Learning and Cognitive Systems

CHURCH-Code - Mixture Model of Two Binomial Models - k1=5; k2=0,...,10; n1=n2=10

We have two alternative hypotheses concerning the causal process of generating two sets of successes out of n1 and n trials:

Hypothesis 1: There a two processes with rates theta1 and theta2 generating k1 and k2 successes out of n1 and n2 trials. The hypothesis is represented by the 'full' model 1.

Hypothesis 2: There is one process with common rate theta generating k1 and k2 successes out of n1 and n2 trials. The hypothesis is represented by the 'restricted' model 2.

We combine both models to a mixture model. The prior probability for each of the two submodels is P(Model) = 0.5.

A pure and simple Bayesian analysis demonstrates the plausibility of each model by computing the posterior probability P(Model | k1, k2, n1, n2). By a numerical example with k1=5; k2=0, ... ,10; n1=n2=10 we can show that the posterior probability in favor of each model switches first between k2=2 and k2=3 and second between k2=7 and k2=8. For the range k2=3-7 the restricted model has a higher posterior probability and for k2=0-2, 8-10 the full model is more plausible.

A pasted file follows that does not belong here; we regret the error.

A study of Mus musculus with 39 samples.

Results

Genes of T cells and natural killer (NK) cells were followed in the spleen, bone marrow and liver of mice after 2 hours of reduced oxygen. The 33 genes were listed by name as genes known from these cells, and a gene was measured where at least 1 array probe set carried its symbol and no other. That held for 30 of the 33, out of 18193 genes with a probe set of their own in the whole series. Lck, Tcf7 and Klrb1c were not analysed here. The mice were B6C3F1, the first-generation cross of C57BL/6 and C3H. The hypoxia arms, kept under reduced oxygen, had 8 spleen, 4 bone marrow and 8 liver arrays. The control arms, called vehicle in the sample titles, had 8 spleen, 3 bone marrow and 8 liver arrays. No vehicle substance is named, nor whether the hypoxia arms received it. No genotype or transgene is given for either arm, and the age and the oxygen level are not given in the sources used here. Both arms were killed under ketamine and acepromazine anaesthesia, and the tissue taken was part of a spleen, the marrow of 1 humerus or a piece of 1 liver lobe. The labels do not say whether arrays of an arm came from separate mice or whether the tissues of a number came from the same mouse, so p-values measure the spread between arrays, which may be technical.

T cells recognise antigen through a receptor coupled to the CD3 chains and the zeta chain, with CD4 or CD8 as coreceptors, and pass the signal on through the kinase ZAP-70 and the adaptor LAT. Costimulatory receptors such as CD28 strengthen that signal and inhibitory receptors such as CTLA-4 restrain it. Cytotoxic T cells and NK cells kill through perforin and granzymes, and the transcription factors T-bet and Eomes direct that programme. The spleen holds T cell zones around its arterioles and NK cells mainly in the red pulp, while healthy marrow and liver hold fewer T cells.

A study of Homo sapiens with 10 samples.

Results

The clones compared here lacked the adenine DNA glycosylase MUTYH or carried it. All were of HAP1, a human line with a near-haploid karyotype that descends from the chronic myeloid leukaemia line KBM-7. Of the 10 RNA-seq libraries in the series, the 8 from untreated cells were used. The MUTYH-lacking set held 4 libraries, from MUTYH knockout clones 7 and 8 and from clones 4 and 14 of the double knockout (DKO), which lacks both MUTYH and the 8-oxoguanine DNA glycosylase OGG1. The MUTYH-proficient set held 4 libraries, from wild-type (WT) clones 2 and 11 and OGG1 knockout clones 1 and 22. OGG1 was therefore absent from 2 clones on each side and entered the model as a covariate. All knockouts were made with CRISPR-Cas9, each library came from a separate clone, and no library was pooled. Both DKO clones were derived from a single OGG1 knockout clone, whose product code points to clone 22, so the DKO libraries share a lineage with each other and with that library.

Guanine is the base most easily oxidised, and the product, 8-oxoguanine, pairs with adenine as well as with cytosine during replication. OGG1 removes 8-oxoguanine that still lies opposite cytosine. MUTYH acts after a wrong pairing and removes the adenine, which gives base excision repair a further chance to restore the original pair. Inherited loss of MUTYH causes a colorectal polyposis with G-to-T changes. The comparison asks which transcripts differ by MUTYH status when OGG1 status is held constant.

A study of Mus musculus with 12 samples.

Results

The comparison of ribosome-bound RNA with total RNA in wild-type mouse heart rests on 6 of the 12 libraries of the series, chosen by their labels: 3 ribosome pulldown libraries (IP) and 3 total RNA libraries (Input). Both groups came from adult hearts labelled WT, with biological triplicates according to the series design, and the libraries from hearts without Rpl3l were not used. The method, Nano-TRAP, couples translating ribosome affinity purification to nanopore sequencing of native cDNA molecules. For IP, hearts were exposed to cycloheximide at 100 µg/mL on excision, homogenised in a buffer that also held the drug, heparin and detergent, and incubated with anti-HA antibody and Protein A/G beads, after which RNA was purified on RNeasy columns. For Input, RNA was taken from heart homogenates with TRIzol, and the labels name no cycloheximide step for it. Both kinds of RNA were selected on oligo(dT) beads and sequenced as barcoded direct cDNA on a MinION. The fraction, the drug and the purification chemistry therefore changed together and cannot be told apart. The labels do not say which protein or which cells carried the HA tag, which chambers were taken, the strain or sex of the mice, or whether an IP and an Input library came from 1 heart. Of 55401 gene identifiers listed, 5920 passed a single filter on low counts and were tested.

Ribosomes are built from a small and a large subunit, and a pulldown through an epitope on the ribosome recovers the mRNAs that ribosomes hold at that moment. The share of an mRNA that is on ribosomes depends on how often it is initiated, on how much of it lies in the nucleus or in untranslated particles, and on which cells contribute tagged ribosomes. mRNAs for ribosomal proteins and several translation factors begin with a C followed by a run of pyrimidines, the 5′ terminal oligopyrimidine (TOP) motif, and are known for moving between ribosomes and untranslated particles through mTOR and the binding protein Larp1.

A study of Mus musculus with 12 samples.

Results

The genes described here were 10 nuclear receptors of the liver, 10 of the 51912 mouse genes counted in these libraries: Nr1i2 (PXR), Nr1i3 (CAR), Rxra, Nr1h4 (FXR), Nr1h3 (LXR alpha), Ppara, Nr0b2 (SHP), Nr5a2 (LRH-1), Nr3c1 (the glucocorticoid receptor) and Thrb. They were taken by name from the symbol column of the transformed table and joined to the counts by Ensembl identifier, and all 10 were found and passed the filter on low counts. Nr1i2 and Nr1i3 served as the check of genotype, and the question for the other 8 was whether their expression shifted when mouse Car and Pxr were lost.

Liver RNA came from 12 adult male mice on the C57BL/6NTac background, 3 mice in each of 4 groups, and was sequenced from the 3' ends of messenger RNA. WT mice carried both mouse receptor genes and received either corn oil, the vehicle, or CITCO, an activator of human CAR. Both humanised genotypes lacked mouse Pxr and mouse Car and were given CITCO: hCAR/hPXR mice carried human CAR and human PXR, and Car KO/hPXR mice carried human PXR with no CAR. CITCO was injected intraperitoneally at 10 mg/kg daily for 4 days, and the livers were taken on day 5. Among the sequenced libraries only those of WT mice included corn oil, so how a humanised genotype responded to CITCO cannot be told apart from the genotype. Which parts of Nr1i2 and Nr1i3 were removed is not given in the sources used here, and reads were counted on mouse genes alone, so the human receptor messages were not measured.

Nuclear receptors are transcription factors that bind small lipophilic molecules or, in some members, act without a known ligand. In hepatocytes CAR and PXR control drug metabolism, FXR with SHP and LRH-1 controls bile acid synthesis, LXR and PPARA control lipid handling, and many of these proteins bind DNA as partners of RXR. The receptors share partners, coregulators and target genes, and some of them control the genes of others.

The CHURCH-Code can be found here.

CHURCH-Code and -output for Mixture Model of Two Binomial Models with k1=0; k2=0,...,10; n1=n2=10

We have two alternative hypotheses concerning the causal process of generating two sets of successes out of n1 and n trials:

Hypothesis 1: There a two processes with rates theta1 and theta2 generating k1 and k2 successes out of n1 and n2 trials. The hypothesis is represented by the 'full' model 1.

Hypothesis 2: There is one process with common rate theta generating k1 and k2 successes out of n1 and n2 trials. The hypothesis is represented by the 'restricted' model 2.

We combine both models to a mixture model. The prior probability for each of the two submodels is P(Model) = 0.5.

A pure and simple Bayesian analysis demonstrates the plausibility of each model by computing the posterior probability P(Model | k1, k2, n1, n2). By using a numerical example with k1=0; k2=0, ... ,10; n1=n2=10 we can show that the posterior probability in favor of each model switches first between k2=2 and k2=3 and second between k2=7 and k2=8. For the range k2=3-7 the restricted model has a higher posterior probability and for k2=0-2, 8-10 the full model is more plausible.